By Aboeprijadi Santoso
November 28, 2016
When the populist Donald Trump won the United States presidency, as populism is on the rise globally, people began to wonder what impact it could have elsewhere in terms of such spirit.
Does it suddenly become relevant for Europe, as well as for Indonesian Islamic populists who have recently held mass rallies in attempts to threaten the state?
Some analysts have pointed out that Trump has exploited white supremacy and successfully championed frustrated working class sentiments vis-à-vis elitist-interventionist liberals.
In the same vein, the nationalist-xenophobic part of the establishment and the disappointed working class in the United Kingdom voted in favor of Brexit (the UK’s exit from the European Union) last June.
Open populism is a sign of upcoming spirit representing latent undercurrents, which manifest in certain times. It denotes forces and rhetoric instantly appealing to popular instincts and sentiments, including primordial identities, in particular to those population segments in disadvantageous social lives, without better access to the industrial structure and state institutions.
With them being ignored or humiliated, populist demagogue calls for new morals could arouse rising self-identity, nationalist pride and upward mobility expectations.
In short, Trump’s victory may be a wake-up call for populist dreams in Europe. For Indonesia, however, the dream has a distinct background.
The great popularity of the Christian governor of Jakarta, Basuki “Ahok” Tjahaja Purnama, who is an Indonesian of Chinese descent, closely associated with some corporations and supported by the middle classes, has worried populist Islamists.
His simple statement mentioning a Quranic verse has been maliciously misconstrued to provoke massive emotions and set off allegations of blasphemy to prevent him from taking part in the gubernatorial elections.
What is significant, though, is this has led the political Islamic establishment — the Indonesian Ulema Council (MUI) — to support the mass protest rallies initiated by a small vigilante group, the Islam Defenders Front (FPI), led by Rizieq Shihab.
Many immediately suspected the hands of former president Susilo Bambang Yudhoyono and retired General Prabowo Subianto, who had been politically close to some Islamic groupings in the past and now supported Ahok’s competitors.
President Joko “Jokowi” Widodo responded as never before by demonstrating his authority as supreme commander, posing with the police, the marines and the Army special corps and ordering them to maintain the unity of the nation.
The root of the matter, however, goes back, partly, to the early days of the republic. Shortly after the Nov. 4 rally, Munarman, a former human rights lawyer-turned FPI leader, claimed Indonesian Islam had too often been betrayed since the Jakarta Charter, in which the state mandated the Muslim requirement to practice Sharia “was deleted [from the Constitution] on Aug. 18, 1945”.
In his view, typically, it was “the secular forces” that time that again had cheated Islam and Indonesia’s Muslim majority despite “its key role in 1945 [the struggle for independence], 1965 [destroying the communists] and 1998 [the fall of Soeharto]”.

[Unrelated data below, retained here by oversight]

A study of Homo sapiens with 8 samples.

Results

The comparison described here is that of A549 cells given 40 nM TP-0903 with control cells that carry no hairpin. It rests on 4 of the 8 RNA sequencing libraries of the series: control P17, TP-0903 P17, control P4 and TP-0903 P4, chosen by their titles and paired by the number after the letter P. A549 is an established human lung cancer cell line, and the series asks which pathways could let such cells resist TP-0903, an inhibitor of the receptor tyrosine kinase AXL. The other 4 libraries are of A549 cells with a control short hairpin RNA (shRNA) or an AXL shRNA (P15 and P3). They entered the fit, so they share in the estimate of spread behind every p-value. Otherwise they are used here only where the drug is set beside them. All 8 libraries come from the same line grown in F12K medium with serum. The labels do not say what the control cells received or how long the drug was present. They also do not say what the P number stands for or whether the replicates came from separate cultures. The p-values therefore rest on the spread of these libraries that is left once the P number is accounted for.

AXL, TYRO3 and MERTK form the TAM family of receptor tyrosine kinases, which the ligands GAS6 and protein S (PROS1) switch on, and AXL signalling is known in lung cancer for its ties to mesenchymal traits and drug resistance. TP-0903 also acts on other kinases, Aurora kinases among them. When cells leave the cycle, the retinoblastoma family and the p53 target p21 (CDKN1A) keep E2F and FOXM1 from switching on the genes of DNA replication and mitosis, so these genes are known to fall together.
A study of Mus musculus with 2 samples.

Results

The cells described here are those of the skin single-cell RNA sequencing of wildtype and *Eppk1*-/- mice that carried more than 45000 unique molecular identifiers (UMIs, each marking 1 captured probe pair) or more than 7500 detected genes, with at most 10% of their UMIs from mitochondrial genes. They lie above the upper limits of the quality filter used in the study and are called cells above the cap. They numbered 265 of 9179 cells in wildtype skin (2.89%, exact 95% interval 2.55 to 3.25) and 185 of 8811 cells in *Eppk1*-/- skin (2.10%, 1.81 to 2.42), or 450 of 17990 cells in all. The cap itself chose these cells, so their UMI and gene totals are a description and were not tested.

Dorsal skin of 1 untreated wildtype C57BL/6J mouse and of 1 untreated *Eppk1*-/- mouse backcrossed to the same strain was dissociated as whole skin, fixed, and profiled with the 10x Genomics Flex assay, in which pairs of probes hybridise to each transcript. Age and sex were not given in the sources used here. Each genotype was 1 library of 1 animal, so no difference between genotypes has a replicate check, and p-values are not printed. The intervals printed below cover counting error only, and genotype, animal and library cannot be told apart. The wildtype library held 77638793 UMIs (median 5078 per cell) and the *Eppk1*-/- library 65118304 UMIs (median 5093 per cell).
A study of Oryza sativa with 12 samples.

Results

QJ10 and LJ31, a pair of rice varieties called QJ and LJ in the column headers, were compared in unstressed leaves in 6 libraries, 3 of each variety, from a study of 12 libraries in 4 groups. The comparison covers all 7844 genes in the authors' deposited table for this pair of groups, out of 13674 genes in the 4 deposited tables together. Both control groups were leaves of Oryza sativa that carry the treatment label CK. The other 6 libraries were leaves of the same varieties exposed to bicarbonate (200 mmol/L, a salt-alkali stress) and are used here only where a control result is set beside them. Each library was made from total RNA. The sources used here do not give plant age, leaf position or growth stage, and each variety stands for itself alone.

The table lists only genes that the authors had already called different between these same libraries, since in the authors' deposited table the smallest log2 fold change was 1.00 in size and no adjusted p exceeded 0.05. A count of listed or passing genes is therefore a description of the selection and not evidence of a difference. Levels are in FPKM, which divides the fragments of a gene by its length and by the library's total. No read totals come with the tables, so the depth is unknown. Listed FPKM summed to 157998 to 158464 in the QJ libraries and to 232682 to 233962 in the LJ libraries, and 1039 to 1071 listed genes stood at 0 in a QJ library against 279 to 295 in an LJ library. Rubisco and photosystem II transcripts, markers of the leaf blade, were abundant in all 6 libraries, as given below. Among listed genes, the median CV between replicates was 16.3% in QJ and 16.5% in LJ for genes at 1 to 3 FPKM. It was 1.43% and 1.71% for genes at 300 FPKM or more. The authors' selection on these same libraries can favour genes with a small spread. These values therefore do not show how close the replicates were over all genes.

One member of an Islamist party recently complained, “Throughout the New Order and after, we have always been a minority of second-class citizens, haven’t we?” With such rhetoric, they called on the masses to be ready for Shuhada (martyrdom) in future rallies.
Munarman’s splendid demagogy reminds us of political Islam with its subjectively painful position as a minority with, theoretically speaking, majority aspirations, yet continually unable to satisfy them. He likened Indonesia metaphorically to a car with secular forces being the driver and Islam merely “pushing the car”.
Indeed, the Dutch sociologist WF Wertheim once called Indonesian Islam “a majority with minority mentality” (1959). Today we should perhaps mark them as a minority with a false consciousness of false majority aspiration — a delusion — since only a real majority with the same ideology could possibly achieve Sharia objectives.
Now, however, the conservative MUI, whose leaders include influential figures of the two biggest Islamic mass organizations, Nahdlatul Ulema (NU) and Muhammadiyah, have joined the vigilante group to shape a greater configuration of groups with the dream of being a majority. This should not be taken lightly. It may be a greater driving force to challenge the government.
Whatever Trump’s effect globally and on Indonesia (if any), Jokowi has to manoeuvre even more cautiously toward both general political Islam and the military.
New rightwing populism, because it is generally non-violent, is sometimes called “fascism with a human face”. Once the rising populist gambit of identity politics proves to work broadly and profoundly, it should put all sides into a new agenda.
Jokowi has already approached representatives of the MUI and the two biggest Islamic mass organizations, as well as 17 other Islamic groupings. Earlier, in a Cabinet reshuffle, he tactfully removed his closest adviser, the Christian retired general Luhut Pandjaitan, from his key position as political Tsar.
Given the new political constellation that is taking place, the President might be tempted to give more, rather than less, space to the military, and less and less to concede to the growing strength of political Islam. Either way, it is a threat to shrinking pluralist and democratic values.